Pierre Poilievre says he is running for prime minister. The firebrand Conservative MP and finance critic skipped announcing he was running to replace Erin O’Toole at the helm of the party and instead said he’s aiming to replace Justin Trudeau.
The longtime Ottawa-area MP made his pitch to advance core typical conservative principles, such as a freer business environment, freedom of choice over medical decisions such as vaccination, and freedom of religion.
“Using COVID as a political opportunity, the Trudeau government has attacked small businesses, truckers, and other hardworking Canadians. They target law-abiding hunters and farmers, while letting gangsters and gun smugglers run free,” Poilievre said.
“Here’s the problem: Trudeau thinks he’s your boss. He’s got it backwards. You are the boss. That’s why I’m running for prime minister—to put you back in charge of your life.”
Being one of the most vocal Conservative MPs, he is on everybody’s shortlist as potential replacement for O’Toole.
Geoffrey Hale, a political science professor at the University of Lethbridge, said one of O’Toole’s problems was his inability to offer a coherent vision of conservatism that could have broad appeal within the caucus.
“The challenge is, how do you define conservatism going forward, that first of all is not apologetic for who you are? Which is one of the selling points of Pierre Poilievre, the pit-bull that he is.”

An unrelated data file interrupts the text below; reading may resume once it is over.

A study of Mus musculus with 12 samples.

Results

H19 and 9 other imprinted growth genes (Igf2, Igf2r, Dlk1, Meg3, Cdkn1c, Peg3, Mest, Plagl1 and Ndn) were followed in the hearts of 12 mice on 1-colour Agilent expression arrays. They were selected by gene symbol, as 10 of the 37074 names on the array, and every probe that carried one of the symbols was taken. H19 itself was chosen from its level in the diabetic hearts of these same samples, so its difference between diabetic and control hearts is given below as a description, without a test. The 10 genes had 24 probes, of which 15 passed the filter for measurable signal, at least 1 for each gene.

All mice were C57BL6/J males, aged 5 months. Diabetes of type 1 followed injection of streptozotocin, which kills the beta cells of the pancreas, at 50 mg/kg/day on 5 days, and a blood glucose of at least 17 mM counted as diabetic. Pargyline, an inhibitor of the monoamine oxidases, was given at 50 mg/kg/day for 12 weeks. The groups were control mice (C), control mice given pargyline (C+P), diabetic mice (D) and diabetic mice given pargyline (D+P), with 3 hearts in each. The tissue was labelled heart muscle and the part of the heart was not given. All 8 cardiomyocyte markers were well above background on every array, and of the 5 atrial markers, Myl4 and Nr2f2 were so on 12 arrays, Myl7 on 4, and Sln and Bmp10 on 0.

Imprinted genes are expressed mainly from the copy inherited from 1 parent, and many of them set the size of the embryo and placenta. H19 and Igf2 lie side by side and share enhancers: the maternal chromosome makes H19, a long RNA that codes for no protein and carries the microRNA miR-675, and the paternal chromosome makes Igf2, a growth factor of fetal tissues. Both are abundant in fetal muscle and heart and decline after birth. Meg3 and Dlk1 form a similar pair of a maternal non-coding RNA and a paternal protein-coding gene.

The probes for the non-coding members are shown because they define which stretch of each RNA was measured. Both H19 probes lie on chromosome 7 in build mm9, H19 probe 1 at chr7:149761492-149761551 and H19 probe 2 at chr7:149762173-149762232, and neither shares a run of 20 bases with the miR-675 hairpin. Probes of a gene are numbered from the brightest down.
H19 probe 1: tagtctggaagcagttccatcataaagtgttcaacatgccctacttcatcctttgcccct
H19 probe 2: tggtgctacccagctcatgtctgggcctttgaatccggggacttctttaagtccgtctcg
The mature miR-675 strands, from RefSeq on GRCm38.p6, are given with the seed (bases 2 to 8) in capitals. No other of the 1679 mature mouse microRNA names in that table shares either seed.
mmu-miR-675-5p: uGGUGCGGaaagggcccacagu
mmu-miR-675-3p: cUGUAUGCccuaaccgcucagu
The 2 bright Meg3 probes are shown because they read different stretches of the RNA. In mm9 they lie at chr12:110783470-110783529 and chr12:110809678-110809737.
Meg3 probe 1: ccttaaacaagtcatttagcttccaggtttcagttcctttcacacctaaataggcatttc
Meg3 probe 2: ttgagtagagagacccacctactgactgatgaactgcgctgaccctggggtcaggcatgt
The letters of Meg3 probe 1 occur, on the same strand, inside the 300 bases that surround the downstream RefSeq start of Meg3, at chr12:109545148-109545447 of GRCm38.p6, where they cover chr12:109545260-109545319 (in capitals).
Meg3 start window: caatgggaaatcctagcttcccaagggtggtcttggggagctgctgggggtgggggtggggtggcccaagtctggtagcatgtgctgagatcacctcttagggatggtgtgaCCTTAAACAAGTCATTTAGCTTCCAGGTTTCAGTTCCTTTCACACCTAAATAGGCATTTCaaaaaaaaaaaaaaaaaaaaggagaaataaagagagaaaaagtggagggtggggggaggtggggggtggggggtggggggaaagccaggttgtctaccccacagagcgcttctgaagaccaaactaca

Hale says Poilievre appeals to a segment of the party but must be able to define conservatism “with a constructive, optimistic vision that can connect with non-ideological suburbanites.” Another knock is that Poilievre can be perceived as the “angry face” of the party.
“One of the questions that he will have to deal with ... is can he can combine his articulate defence of conservatism with a more nuanced, rhetorical style? And does he have the political skills to do it?” Hale said.
Tom Flanagan, a professor emeritus of political science at the University of Calgary and former Stephen Harper adviser, has a similar assessment while also noting that Poilievre is “the name that gets mentioned by people that I know who are unhappy with O’Toole.”
“A leader has to be able to do more than simply talk in public,” says Flanagan. “I think he does a good job in his critic role, I think he’s been very effective. Does that qualify him to be leader? Well, I don’t know. I mean, I honestly don’t know. I just haven’t seen him in caucus.”
Marco Navarro-Génie, president of the Haultain Research Institute, says Poilievre has “demonstrated a significant amount of talent, but there may be others who have not been very visible, who might throw their hat into a possible race and show possibilities and talent.”
With the Conservatives choosing to replace their leader and with the government only holding on to a minority, Navarro-Génie says this could favour more well-known candidates in order for the party to be back on its feet sooner and have a known commodity to present to electors.
Conservatives might have “put themselves at a disadvantage” by removing O’Toole, he said, but “the collateral for that on the other side is that it does give advantage to the potential challengers who are already well-known brand names among conservatives.”